A Touch of Gold
Published on August 14, 2018
About A Touch of Gold
King Midas once had the ability to turn all he touched into gold. But after his gift—or curse—almost killed his daughter, Midas relinquished The Touch forever. Ten years later, Princess Kora still bears the consequences of her father’s wish: her skin shines golden, rumors follow her everywhere she goes, and she harbors secret powers that are getting harder to hide.
Kora spends her days locked in the palace, concealed behind gloves and veils, trying to ignore the stares and gossip of courtiers. It isn’t until a charming young duke arrives that Kora realizes there may be someone out there who doesn’t fear her or her curse. But their courtship is disrupted when a thief steals precious items from the kingdom, leaving the treasury depleted and King Midas vulnerable. Thanks to her unique ability to sense gold, Kora is the only one who can track the thief down. As she sails off on her quest, Kora learns that not everything is what it seems—not thieves, not pirates, and not even curses. She quickly discovers that gold—and the power it brings—is more dangerous than she’d ever believed.
Midas learned his lesson at a price. What will Kora’s journey cost?
I can never resist an unusual myth or fairytale retelling, so when A Touch of Gold caught my eye, I knew I needed to get ahold of a copy. I found it to be a cool reimagining of a familiar tale.
Right at the beginning, I wasn’t too sure about the book, though. The prologue is long and kind of confusing. It kind of sets up the story by recounting the story of Midas and introducing Kora, but I think a lot of that information could have been included in the early chapters instead. That would have made the opening read more smoothly for me.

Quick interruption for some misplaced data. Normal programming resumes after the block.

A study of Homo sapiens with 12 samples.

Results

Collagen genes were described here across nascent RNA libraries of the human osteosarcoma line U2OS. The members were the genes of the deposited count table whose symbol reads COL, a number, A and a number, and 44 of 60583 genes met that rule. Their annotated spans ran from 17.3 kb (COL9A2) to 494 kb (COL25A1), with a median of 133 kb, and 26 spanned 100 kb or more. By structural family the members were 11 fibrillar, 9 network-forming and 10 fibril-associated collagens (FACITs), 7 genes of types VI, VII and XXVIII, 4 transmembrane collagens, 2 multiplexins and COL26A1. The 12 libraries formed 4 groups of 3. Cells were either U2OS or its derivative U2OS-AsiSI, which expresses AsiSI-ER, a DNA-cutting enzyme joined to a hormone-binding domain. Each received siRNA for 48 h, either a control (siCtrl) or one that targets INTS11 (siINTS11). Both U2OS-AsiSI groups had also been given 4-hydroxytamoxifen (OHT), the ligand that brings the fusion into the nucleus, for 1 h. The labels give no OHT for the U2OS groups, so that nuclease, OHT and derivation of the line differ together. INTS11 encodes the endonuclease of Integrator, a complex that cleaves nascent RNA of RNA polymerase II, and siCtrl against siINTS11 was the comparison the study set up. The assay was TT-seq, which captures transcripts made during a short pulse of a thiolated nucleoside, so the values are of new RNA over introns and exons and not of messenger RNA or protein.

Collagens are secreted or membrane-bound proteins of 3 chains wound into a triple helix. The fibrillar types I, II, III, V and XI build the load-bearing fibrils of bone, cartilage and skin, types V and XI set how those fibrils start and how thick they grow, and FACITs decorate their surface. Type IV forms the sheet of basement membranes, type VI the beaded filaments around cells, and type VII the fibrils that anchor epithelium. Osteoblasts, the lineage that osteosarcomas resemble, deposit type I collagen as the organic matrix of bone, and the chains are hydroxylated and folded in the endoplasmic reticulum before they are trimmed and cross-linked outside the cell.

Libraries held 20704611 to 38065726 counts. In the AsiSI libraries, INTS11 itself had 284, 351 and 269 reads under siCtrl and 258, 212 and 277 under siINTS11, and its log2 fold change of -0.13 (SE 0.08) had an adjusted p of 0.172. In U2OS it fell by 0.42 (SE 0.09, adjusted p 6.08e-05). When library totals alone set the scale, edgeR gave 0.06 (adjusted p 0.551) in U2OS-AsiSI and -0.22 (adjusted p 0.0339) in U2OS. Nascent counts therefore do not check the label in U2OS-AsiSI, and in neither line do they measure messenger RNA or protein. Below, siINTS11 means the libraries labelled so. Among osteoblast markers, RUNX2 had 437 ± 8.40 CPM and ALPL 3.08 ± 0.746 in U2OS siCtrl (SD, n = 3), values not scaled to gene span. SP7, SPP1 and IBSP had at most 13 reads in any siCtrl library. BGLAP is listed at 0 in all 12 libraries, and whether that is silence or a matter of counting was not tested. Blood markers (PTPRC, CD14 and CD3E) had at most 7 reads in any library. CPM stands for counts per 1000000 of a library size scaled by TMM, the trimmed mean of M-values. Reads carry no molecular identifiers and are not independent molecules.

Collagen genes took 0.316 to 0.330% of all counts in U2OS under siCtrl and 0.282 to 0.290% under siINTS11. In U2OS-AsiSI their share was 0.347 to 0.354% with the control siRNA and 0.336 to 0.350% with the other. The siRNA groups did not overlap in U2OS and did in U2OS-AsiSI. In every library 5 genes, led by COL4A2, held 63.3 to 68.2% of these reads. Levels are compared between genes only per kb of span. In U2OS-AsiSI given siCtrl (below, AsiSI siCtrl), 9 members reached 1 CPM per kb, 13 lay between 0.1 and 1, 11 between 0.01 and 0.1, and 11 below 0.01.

Once I got into the story, though, I liked it a lot more. I wasn’t sure about Hettie, Kora’s lady-in-waiting, who at first seems super selfish and complains about EVERYTHING. Eventually she finds some things to be happy about and even stops seeming quite so selfish, which was great. She definitely grew on me as the story progressed.
I worried a little bit as I passed the halfway point, that A Touch of Gold was going to be a straightforward, boring story where it came to the romance. And then, boom! PLOT TWIST! Everything changed. It wasn’t an unpredictable move, but it was a really satisfying one. I loved the story even more after that point.
All in all, I’m glad I read this one. A Touch of Gold proved to be a quick read and an entertaining one at that. If you’re like me, and you can’t resist a retelling that’s a little more unusual, then resist no more – get you a copy of this book.
You might also be interested in A Touch of Gold if you liked Whisper of the Tide by Sarah Tolcser or Goddess Tithe by Anne Elisabeth Stengl.
Kora’s mother was Sunisan. (I’m not sure what ethnicity this maps to, but I didn’t look much beyond a quick Google search. The original story about King Midas would have taken place in Asia in what’s now Turkey.)
Profanity/Crude Language Content
Brief kissing between a young man and young woman.
Dionysus cursed Kora’s father so that everything he touched turned to gold. He was told he could reverse the curse by washing everything he’d turned in a river. He only partially completed this task and bears some consequences.
A ruthless pirate called Captain Skulls collects human skulls on his ship. A couple scenes show beheaded bodies. Kora and her friends start a brawl in a tavern to distract their enemies.
Pirates battle Kora’s companions. Some brief descriptions of peril, fighting, and injuries.
Kora and her friends go into a seedy tavern.